Google's Gundotra Gouges Facebook for Oversharing, Touts Google+

Google+ is coming along swiftly, said Google+ overseer Vic Gundotra, who beat up on Facebook a little bit. Google co-founder Sergey Brin also touted Google+.

Google (NASDAQ:GOOG) Senior Vice President Vic Gundotra said the Google+ social network's meteoric rise to more than 40 million users one month after launching to public beta exceeded the company's internal expectations, and vowed to bring pseudonyms to users.

Gundotra, who shepherded Google+ to fruition for the past one and a half years, appeared alongside Google co-founder Sergey Brin at the Web 2.0 Summit in San Francisco Oct. 19. Web 2.0 Summit co-host John Battelle asked him if he was happy with that speedy user adoption.

Gundotra said he is happy with its fast start -- users have also shared more than 3.4 billion photos in the last 100 days -- but acknowledged his team has a lot to do.

With Google+, the search provider is engaging rival Facebook in the war for users' attention. Incumbent network Facebook has more than 800 million users, some of whom use the service an average of 8 hours per month. That's a lot of eyeballs, time and ad clicks that Google is not getting.

Brin, noting that he is "not a very social person himself" and hasn't spent a lot of time on Facebook, Twitter or other social networks, said that while he initially believed the Circles sharing construct would prove too complicated to use, he found Google+ instantly compelling as a user. He makes public and private posts.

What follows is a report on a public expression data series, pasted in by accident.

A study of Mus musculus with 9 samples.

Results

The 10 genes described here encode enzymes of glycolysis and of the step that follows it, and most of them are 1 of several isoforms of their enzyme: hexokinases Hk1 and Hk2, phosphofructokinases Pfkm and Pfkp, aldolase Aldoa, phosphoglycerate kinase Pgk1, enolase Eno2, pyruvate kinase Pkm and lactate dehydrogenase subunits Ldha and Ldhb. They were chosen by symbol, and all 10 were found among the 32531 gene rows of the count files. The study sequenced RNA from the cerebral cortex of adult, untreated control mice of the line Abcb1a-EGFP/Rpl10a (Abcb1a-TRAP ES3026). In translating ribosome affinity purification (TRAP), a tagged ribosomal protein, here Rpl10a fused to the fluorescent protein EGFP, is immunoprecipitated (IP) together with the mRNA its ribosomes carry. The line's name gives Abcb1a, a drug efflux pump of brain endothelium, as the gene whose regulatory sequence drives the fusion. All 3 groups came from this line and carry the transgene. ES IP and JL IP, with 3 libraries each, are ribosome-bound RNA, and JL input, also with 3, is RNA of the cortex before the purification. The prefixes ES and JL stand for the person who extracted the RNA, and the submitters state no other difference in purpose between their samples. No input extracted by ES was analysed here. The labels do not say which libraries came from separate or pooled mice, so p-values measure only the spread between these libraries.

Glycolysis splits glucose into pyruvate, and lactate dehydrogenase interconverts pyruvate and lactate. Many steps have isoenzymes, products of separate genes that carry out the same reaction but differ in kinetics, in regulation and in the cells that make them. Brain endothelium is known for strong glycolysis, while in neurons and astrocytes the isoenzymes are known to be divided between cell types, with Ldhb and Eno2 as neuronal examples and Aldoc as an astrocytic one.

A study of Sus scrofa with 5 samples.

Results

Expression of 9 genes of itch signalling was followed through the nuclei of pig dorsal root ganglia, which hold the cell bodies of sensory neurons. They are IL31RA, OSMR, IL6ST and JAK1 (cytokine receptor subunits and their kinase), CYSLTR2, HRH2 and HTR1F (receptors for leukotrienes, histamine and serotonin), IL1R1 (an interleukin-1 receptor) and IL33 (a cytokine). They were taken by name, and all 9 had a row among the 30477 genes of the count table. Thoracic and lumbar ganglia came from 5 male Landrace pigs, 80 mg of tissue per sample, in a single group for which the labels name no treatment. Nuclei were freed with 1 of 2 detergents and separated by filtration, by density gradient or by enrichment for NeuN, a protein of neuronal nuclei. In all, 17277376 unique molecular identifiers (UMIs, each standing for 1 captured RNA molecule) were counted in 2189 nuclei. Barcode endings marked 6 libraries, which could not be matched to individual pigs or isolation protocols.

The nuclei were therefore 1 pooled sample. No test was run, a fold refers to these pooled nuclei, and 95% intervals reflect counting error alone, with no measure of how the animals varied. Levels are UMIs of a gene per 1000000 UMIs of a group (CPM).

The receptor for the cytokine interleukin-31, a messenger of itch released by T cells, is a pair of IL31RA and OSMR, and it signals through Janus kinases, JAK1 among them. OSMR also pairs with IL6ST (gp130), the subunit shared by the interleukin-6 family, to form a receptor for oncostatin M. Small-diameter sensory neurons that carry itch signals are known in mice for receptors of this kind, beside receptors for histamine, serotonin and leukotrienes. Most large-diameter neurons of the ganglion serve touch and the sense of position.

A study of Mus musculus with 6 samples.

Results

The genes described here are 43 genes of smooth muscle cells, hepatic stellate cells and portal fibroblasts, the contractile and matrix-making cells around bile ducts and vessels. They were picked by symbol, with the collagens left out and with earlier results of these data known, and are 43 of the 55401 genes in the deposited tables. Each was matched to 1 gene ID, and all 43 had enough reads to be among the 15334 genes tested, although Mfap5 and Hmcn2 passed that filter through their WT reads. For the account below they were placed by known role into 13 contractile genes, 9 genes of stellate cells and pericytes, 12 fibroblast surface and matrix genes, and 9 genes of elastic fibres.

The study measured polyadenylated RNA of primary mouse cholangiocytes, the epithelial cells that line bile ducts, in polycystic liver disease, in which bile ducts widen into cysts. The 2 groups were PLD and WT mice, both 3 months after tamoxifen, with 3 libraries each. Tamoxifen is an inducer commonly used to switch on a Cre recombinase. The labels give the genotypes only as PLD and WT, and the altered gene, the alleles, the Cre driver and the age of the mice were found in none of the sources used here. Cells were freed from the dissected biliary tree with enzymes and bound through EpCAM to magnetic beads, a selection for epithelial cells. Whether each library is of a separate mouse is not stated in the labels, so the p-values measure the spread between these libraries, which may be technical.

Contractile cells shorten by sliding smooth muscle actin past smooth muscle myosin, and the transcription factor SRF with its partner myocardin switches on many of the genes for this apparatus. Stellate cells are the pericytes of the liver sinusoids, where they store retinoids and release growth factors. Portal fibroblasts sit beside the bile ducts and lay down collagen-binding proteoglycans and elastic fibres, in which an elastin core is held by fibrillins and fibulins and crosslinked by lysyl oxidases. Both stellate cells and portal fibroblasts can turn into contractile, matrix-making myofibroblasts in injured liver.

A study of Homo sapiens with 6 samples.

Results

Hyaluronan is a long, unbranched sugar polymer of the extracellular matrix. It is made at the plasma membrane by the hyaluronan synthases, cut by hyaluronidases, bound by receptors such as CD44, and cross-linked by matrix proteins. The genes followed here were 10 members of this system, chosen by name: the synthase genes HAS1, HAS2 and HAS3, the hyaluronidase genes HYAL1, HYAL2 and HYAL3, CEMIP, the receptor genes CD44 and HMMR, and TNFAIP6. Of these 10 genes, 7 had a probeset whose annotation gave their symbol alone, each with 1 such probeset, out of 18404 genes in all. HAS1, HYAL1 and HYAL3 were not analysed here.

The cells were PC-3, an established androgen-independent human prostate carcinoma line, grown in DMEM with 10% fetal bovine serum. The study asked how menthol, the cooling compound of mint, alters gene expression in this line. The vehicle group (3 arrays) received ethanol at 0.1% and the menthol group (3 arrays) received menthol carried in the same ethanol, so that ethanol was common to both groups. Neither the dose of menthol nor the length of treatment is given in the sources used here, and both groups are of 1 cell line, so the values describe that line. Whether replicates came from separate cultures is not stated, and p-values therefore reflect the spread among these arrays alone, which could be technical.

Gundotra added that Brin was intimately involved in the social network's design, including Google+ Hangouts, the network's free video chat service for up to 10 users. Brin said he was actually being sarcastic about his enthusiasm for Hangouts and admitted he was wrong about how the service should work.

Battelle then brought up the point that while he encounters colleagues on Google+, his family members are loathe to join. He noted that when venture capitalist Sean Parker spoke at the show Monday, he said it was hard to compete with network effects, getting users and their friends to switch to new platforms. This is Google+'s universal challenge in a nutshell.

Gundotra said Parker is right in terms of challenging the incumbent at its own game. He added that Google is trying to play a different game, leveraging Google's inherent user base, which is spread across Google Search, Gmail, YouTube and other services. Many of these users are connected by their Google accounts, or profiles, which are the connective tissue for Google+.